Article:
Municipal leaders move to cancel Canada Day

There will be no festivities in many cities across Canada this year on July 1, as the country grapples with the discovery of over 1,300 children’s bodies in the past month at residential schools. The most recent discovery of 721 bodies buried in unmarked graves at a residential school in Saskatchewan resulted in louder calls

There will be no festivities in many cities across Canada this year on July 1, as the country grapples with the discovery of over 1,300 children’s bodies in the past month at residential schools.

The most recent discovery of 721 bodies buried in unmarked graves at a residential school in Saskatchewan resulted in louder calls for Canada Day to be cancelled across the country, as some say it is an insensitive celebration of genocide against Indigenous people in light of the recent discoveries.

Closer to home, communities surrounding Six Nations have either entirely cancelled or modified Canada Day activities to honour the lives lost and the impacts of residential schools on Indigenous people.

Six Nations of the Grand River Elected Council reached out to surrounding communities last week to request they cancel or modify their Canada Day plans.

“I won’t be celebrating or commemorating Canada’s birthday, nor will my family,” said Coun. Nathan Wright. “There’s many allies following suit and cancelling their events, whether it be fireworks or commemoration, all across the country.”

He suggested elected council make Canada Day a “flex day” for council staff, as many Indigenous people have never celebrated Canada Day anyway.

Elected Chief Mark Hill said his family will not be celebrating Canada Day, either.

“We want to turn that (day) into a positive and celebrate our people and our children.”

He said as Six Nations embarks on a journey to investigate potential hidden burials at the former Mohawk Institute Residential School in Brantford, a celebration would be inappropriate.

“We are embarking on a really sensitive journey and I don’t think it’s a time to celebrate Canada Day at all.”

Meanwhile, the federal government heeded calls to create a national, statutory holiday on Sept. 30 for Truth and Reconciliation since the discovery of the hidden remains of 215 children at the Kamloops Indian Residential School in British Columbia on May 27 sent shockwaves across the country and around the world.

Elected Council will be seeking community input on how to commemorate that day on Six Nations.

“I think we need to have the voice of our community heard on this one,” said Coun. Audrey Powless-Bomberry. “We should do whatever we can on this one. We have to know what our membership want to do (for the 30th). We have all been touched, in one way or another,  by the loss experienced at residential schools.”

Coun. Melba Thomas suggested installing a large orange flag at the council building to commemorate the lives lost. Orange is the colour associated with residential school victims and survivors.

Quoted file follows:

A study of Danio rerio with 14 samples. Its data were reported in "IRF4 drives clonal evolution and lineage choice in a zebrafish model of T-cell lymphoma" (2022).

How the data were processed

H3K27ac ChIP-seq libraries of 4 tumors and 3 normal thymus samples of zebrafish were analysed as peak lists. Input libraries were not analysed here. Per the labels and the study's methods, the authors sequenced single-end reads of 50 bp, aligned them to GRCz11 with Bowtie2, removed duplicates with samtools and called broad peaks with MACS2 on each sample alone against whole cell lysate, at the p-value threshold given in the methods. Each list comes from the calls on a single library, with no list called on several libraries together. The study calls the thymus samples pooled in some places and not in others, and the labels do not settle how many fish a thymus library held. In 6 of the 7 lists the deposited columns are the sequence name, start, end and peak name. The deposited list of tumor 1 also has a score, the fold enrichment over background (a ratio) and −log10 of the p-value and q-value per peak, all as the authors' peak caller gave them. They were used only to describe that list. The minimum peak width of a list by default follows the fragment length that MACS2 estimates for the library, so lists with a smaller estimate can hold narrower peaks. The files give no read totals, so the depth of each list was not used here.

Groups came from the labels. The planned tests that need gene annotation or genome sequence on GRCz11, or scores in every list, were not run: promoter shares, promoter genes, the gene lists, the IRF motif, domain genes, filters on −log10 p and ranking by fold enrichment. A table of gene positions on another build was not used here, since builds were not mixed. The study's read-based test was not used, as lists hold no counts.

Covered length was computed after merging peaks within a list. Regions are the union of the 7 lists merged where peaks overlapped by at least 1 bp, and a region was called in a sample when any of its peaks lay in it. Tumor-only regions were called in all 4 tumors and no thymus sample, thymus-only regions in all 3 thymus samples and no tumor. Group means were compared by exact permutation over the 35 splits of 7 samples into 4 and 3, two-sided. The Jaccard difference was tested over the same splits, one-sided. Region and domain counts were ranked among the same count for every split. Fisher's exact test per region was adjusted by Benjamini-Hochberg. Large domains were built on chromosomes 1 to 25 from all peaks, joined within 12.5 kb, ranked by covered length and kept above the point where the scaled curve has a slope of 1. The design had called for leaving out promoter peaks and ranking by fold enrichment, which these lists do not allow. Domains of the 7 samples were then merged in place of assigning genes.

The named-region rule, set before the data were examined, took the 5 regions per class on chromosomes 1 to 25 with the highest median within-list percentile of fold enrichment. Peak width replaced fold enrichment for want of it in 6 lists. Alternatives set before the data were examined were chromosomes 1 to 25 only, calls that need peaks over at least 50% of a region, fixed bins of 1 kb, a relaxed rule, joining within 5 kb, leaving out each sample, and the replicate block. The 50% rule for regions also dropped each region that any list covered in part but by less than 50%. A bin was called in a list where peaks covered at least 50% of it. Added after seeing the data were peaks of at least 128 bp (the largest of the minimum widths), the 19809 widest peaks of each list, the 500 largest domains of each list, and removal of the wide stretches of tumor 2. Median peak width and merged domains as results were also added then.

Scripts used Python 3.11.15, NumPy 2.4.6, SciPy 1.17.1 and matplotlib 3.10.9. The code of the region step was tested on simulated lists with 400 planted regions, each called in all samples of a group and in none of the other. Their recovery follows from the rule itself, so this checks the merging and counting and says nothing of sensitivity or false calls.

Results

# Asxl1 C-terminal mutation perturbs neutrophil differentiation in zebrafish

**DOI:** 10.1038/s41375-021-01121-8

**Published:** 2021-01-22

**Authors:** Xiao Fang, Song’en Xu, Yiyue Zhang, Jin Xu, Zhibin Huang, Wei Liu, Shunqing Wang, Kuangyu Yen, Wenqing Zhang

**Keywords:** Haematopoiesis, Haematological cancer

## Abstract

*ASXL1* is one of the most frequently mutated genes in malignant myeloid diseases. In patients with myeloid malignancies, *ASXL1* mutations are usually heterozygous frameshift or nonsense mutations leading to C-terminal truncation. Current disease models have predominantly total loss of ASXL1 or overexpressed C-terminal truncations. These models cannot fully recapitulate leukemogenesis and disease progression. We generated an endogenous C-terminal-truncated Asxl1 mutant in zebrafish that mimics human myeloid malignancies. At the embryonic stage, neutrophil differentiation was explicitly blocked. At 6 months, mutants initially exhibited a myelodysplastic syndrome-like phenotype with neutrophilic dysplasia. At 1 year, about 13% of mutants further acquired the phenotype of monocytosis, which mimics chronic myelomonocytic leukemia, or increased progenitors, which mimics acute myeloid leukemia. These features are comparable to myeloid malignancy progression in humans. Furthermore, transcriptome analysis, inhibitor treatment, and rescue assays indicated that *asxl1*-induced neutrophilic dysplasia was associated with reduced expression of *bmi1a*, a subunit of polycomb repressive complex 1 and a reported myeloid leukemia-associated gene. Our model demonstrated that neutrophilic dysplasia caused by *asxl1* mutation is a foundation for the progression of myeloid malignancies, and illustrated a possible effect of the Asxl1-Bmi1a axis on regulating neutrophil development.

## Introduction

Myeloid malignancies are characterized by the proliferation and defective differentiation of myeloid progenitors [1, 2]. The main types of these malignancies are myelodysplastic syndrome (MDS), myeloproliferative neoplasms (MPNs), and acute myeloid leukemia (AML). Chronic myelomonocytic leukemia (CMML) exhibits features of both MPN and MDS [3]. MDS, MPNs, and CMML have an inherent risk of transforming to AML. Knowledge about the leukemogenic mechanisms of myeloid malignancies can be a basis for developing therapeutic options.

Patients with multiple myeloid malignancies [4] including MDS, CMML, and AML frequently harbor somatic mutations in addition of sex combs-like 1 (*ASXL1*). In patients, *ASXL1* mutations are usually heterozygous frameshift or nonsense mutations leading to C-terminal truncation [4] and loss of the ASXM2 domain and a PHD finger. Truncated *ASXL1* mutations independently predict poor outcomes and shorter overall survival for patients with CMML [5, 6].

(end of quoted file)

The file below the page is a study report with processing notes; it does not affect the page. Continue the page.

Coun. Sherri-lyn Hill-Pierce also said she’s never celebrated Canada Day and she believes non-Indigenous people should be educated more on the impacts of residential schools on Indigenous people.

“I think people still don’t understand the effects of it, even today, the surviving descendants of it.”

Coun. Wright has asked neighbouring communities to refrain from lighting fireworks this Thursday as a show of respect.

“If I knew that my neighbour had just come back from a funeral or had a loss, I would not be shooting off fireworks that evening, just out of respect,” he said.

The City of Brantford announced on Monday modified Canada Day activities, and the city will not be lighting fireworks. The city is also donating $100,000 to the Mohawk Institute’s “Save the Evidence Campaign”, which aims to renovate the former residential school and keep it up as an historical building to educate people about the atrocities of the schools, which aimed to assimilate Indigenous people into the burgeoning colonial fabric of Canada beginning in the 1800s.

The City of St. Catharines also decided to cancel Canada Day activities, while any planned activities in Caledonia were cancelled this past April due to the Covid-19 pandemic and restrictions on gatherings. The City of Hamilton has invited residents to celebrate virtually but there will be no in-person festivities on July 1 due to gathering restrictions. The city made no mention of honouring residential school victims on Canada Day.

In the meantime, Six Nations is finalizing plans to search of the grounds of the former Mohawk Institute using ground-penetrating radar, with funding from both the federal and provincial governments and input from Six Nations residential school survivors.

Indigenous people and allies are holding numerous events across the region and country on July 1 to commemorate residential school victims and survivors.

The City of Toronto will light the CN Tower orange on July 1.

In Brantford, a Cancel Canada Day – No Pride in Genocide event is planned at Mohawk Park at 2 p.m. Another group is meeting at 11 a.m. at the Brantford Civic Centre and marching to the Mohawk Institute. In Caledonia, a round dance is planned for 5 p.m. at Edinburgh Square. And in Guelph, a group is hosting Cancel Canada Day: Solidarity With Indigenous People at 2 p.m. at Basilica of Our Lady Immaculate church.